October 18, 2013
Finding home in new placesWith all the changes and adjustments to college life during my first year, there may not be a lot that I remember. I'm sure I drank too much one night and said some things I shouldn't have, or made a friend or two that I knew wouldn't last the school year, but one memory has stuck out in my mind for the last four years, and it really never occurred to me until now.
It was a cold January night, and I was almost in tears in the stairwell of Hassinger Hall. I was having a conversation with my mother about our plans for the weekend and how they might change due to an impending snowstorm. As much as I love Susquehanna now, I was hating every moment of it then and was more homesick than Dorothy in "The Wizard of Oz." I had it set in my mind that I was going home that weekend come hell or high water, and there was nothing she was going to say or do that would change that.
I guess in my first-year mind, my idea of home was just that: my physical, permanent address. As my time at Susquehanna continued, I began to find where I belonged, and my attitudes improved for the better. I guess you could say that I grew to find a home away from home at Susquehanna.
I look back over the last four years, and even back to high school, on homecoming weekends, and how I never really saw them amounting to much of anything. There was no nostalgia, no one I particularly was dying to see, nor was there any care in the world for who was going to be homecoming queen.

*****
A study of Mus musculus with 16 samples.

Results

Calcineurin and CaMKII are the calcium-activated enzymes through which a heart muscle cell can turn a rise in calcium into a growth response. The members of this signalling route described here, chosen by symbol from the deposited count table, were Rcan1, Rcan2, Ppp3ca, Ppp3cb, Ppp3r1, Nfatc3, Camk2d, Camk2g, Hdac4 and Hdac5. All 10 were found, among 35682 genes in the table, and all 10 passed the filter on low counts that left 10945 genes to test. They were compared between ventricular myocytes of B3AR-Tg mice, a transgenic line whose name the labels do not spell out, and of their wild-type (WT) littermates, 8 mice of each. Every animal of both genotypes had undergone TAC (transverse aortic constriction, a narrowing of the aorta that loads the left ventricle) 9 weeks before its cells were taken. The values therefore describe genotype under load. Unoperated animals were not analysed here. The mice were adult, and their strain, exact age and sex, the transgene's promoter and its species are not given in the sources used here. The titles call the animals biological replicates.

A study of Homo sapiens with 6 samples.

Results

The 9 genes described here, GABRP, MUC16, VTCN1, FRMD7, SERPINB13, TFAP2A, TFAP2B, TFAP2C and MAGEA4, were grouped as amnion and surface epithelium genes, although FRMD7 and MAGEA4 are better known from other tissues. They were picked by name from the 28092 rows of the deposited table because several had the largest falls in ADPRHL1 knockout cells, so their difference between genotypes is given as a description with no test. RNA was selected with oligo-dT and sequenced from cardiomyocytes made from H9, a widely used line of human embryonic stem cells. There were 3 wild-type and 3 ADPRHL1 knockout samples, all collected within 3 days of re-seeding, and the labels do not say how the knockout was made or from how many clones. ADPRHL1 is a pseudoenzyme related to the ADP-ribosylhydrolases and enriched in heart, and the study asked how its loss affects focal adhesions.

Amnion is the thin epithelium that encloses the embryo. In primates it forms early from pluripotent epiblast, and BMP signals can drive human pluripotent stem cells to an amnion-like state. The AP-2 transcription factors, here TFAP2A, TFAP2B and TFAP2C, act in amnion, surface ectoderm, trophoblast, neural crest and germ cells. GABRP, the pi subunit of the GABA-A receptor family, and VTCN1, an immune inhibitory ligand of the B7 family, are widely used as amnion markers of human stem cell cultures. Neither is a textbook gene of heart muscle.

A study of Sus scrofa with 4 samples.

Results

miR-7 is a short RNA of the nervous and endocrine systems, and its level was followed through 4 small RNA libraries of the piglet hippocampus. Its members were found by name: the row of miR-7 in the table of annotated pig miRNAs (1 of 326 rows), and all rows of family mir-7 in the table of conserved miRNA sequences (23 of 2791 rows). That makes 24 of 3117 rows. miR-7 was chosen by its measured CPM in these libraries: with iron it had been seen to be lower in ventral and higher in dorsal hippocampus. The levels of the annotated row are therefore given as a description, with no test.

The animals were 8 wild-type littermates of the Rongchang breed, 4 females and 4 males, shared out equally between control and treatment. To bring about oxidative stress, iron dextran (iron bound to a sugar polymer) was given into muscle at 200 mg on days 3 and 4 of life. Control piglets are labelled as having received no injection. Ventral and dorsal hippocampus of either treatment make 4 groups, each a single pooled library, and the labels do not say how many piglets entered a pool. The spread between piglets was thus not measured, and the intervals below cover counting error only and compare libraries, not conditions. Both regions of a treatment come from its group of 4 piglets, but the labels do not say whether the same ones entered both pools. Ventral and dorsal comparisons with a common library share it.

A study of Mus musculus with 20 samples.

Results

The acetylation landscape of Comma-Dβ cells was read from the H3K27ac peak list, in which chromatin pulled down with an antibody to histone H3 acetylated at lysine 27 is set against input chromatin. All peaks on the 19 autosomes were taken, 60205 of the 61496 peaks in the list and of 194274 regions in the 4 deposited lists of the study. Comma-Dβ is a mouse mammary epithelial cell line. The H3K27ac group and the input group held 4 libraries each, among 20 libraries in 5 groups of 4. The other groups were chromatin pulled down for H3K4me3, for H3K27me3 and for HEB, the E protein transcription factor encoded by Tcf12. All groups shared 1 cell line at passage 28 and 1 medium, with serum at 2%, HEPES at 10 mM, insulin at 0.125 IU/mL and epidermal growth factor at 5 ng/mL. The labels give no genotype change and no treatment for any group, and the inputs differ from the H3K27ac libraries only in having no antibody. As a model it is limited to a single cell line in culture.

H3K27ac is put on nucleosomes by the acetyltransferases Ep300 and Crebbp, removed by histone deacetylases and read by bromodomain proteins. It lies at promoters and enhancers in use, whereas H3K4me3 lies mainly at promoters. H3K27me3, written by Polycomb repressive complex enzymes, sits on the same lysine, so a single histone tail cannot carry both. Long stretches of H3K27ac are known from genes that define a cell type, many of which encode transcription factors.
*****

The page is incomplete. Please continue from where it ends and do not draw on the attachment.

I had seen and heard alumni rant and rave about all the excitement that comes with homecoming, but I never fully understood what that was about. This being my senior year, it finally hit me.
In my post-Susquehanna life, I'll be out in the real world, forced to pick up everything I have become used to and having to start anew. I'm going to have to start the next chapter in my life, and with each chapter comes a new home.
I can foresee those first few weeks, maybe even months, as being the rockiest journey for me, much like adjusting to college.
There's no doubt that I'm going to become homesick. I'll probably start asking questions like "Why doesn't the real world offer a meal plan?" or "Why doesn't my boss read me 'The Night Before Christmas' during the holiday season?"
Looking ahead to the future, it's exciting to think that as homesick as I become, for that one homecoming weekend, I know that all my professors, friends and alumni will welcome me home with open arms, waiting to hear about all my accomplishments.